To be defrauded or scammed can lead to financial trouble. A person who was once rich can become poor overnight. Families have gone from being happy together to being separated. Businesses that were once booming had been forced to close down, and people who once had the freedom to choose their lifestyles have been reduced to a life of penury and anguish.
According to Donald Trump, one of the reasons the rich get richer is because they have sound financial knowledge and know how to invest their money.
The quest for financial knowledge never ends as there is always a new thing to learn every day, a new way to invest and make more money and new business ideas that can potentially increase your ROI exponentially.
But in the quest for investing and making more money, the first step is to get a clear understanding of the investment you are about to throw your money into. Making money is not really about taking chances or hoping that someone else will do the brain work. It is however about learning everything there is to learn about the venture before venturing.
This is very important because one of the most painful thing is losing your money on a cheap scam that you could have detected if only you took a little bit more time to look a little bit more closely.
There are many red flags that raise their ugly heads in faulty transactions, but most times, people don’t (or choose not to) see them.
Red flag #1
Your regular scammer would want you to keep secrets. If you are involved in a transaction or you were contacted by someone out of the blues, be as open as possible. Ask as many questions and never agree to be hushed on any opinion. You should also not agree to a request to keep the business transactions a secret from everybody. Be ready to bail out if your prospects is insisting on your secrecy. If you must keep it a secret, talk to your lawyer. Lawyers go by the rule of confidentiality and are legally bound from disclosing their client’s businesses with third parties.
Red flag #2
Many fraudsters are gifted with ingenuity giving them the power to create amazing stories that are actually fictional non-realities. A good scammer is like a great sales person knowledgeable in the art of deception. When the story is too good, that’s when you need to start asking questions.
Do not buy strange or bogus stories from strangers especially if they start telling you sub stories. Fraudsters who come as business partners can make bogus claims about their product. Make sure you verify.
Red flag #3
He Doesn’t Want A Lawyer Involved
Sometimes circumstances could make a good person turn around and become the villain. For instance, a person who was defrauded, may want to recover his money back by preying on you. If he succeeds, he justifies his actions by saying, “You shouldn’t complain, because it was done to me, I did not complain, I picked up myself and became wiser.”
Also, someone who is in dire need may decide to do desperate and dangerous things. So from the onset when they say they don’t want a lawyer involved, help them by understanding that bringing a lawyer into the transaction is for their own safety, not yours.
Red flag #4
Don’t fall for an impatience trick. If the person is in a hurry to sell, then don’t buy until you have fully covered your ground. Smart scammers would love to box you into a corner. It’s a game of psychology used to force people to have sleepless nights until they pay. Keep your money to yourself as long as possible.
Many people have fallen for the distress sale idea thinking they can buy cheap but end up buying nothing or buying at a price that is far higher than normal. Don’t fall for this trap. Always investigate.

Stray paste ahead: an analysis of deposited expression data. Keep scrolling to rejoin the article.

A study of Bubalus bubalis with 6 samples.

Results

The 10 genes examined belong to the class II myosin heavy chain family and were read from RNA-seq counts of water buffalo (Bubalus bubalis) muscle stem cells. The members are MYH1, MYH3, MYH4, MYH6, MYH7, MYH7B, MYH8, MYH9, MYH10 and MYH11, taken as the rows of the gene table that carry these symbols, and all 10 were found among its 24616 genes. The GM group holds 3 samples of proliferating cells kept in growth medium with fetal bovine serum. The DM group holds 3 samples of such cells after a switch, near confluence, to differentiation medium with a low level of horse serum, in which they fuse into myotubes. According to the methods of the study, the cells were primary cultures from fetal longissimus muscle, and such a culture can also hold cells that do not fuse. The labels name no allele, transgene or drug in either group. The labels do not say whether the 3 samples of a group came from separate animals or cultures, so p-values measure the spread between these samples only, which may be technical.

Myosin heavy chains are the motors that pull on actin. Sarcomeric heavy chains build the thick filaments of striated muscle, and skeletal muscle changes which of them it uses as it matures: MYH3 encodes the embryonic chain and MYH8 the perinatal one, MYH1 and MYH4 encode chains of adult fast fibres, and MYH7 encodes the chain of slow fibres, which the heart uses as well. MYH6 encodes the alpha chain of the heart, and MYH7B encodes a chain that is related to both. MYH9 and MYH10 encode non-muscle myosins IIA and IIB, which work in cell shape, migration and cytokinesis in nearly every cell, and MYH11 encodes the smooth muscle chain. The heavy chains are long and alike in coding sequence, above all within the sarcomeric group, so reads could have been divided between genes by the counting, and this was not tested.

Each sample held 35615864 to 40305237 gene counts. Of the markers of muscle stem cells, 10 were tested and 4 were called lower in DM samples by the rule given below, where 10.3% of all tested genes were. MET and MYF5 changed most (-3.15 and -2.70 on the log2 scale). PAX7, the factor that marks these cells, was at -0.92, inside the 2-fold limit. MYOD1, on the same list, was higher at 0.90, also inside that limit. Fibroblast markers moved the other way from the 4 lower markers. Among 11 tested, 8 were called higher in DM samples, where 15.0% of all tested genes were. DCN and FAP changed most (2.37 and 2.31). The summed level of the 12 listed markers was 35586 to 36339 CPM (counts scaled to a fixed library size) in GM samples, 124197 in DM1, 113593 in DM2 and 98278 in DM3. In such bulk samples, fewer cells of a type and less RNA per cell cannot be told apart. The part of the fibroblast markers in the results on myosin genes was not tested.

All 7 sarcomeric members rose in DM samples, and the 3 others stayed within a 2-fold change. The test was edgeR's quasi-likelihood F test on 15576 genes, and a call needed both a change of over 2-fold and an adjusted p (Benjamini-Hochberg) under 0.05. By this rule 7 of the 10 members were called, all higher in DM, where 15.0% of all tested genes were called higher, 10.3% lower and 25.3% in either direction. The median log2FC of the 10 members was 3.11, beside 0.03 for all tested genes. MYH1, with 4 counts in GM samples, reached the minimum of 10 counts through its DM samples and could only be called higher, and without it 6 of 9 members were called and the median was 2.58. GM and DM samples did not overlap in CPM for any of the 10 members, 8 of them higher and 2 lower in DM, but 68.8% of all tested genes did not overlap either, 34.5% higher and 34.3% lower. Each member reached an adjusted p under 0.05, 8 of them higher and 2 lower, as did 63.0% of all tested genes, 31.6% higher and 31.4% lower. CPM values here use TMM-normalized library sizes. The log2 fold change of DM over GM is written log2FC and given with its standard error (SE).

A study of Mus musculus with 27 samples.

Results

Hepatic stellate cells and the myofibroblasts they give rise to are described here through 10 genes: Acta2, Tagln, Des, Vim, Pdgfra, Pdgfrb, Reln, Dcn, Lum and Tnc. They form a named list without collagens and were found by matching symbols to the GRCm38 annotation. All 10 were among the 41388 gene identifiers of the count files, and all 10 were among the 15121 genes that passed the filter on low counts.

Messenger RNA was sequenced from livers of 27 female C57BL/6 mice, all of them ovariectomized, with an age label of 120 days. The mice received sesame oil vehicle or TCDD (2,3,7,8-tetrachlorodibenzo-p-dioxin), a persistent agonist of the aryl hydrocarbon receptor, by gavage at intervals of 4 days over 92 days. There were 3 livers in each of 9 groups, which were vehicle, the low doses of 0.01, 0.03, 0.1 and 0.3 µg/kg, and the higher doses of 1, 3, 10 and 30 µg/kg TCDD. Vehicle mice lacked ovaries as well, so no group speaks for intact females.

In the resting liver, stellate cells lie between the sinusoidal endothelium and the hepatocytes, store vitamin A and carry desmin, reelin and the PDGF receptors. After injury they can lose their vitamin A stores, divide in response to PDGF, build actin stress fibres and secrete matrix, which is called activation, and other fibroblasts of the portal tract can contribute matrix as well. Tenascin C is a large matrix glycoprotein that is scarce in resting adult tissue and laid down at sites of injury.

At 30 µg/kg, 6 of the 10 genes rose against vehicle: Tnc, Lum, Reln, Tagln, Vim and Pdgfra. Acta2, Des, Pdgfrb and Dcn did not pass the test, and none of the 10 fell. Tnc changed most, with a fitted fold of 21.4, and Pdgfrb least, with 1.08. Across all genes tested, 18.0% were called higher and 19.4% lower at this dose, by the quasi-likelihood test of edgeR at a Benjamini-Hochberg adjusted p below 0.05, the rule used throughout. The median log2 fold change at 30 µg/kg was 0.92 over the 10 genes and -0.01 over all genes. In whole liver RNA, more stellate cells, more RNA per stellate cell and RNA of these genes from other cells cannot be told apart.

Red flag #5
Putting Too Much of Your Details Out There
Avoid placing sensitive personal details on classified ads websites, social media sites and other sites that are not backed by good privacy policies.
You also have to limit the information you provide on social media. Most people like to post pictures of their wealth, their financial status, their family members, and other kind of posts that give away too much information about themselves.
For instance posting a picture of yourself just returning from an overseas trip and displaying lavish and exorbitant living can attract fraudsters, robbers and even kidnappers to you. It’s always good to be moderate in all things. Social media is not a place to display your wealth or brag about how much money you have made.
Red flag #6
Trusting Every Email, Phone call or Text Messages Without Verifying
If you are receiving a message from your bank or a well known company and there is an instruction that says click here, kindly ensure you check the email particulars before you click.
Scammers have developed ways to spy on you through your email. If you click a wrong link, a silent software may be downloaded on your computer that will steal your passwords and most sensitive data. These kind of software are called phishing software and have been around for long.
Also note that your bank will never send you a message about recovering your password without. Always ensure you look out for signs of fraud when receiving unsolicited emails, text messages or phone calls.
In Summary here are a few things that make you vulnerable this year.
You do not verify Information from strangers before you take action
You are eager to make quick money
You Easily trust strangers
You are putting too much information in the public domain
You keep your affairs strictly to yourself
Your businesses do not enjoy legal advise
You part with money too quickly
You do not seek to learn and be informed on a regular basis
You don’t engage professionals
You are always planning to get expensive things at a cheaper price
If you have experienced any fraud or have tips that can help us enlighten more people about avoiding scams, please write to us at firstname.lastname@example.org or just post a comment in the comment box below.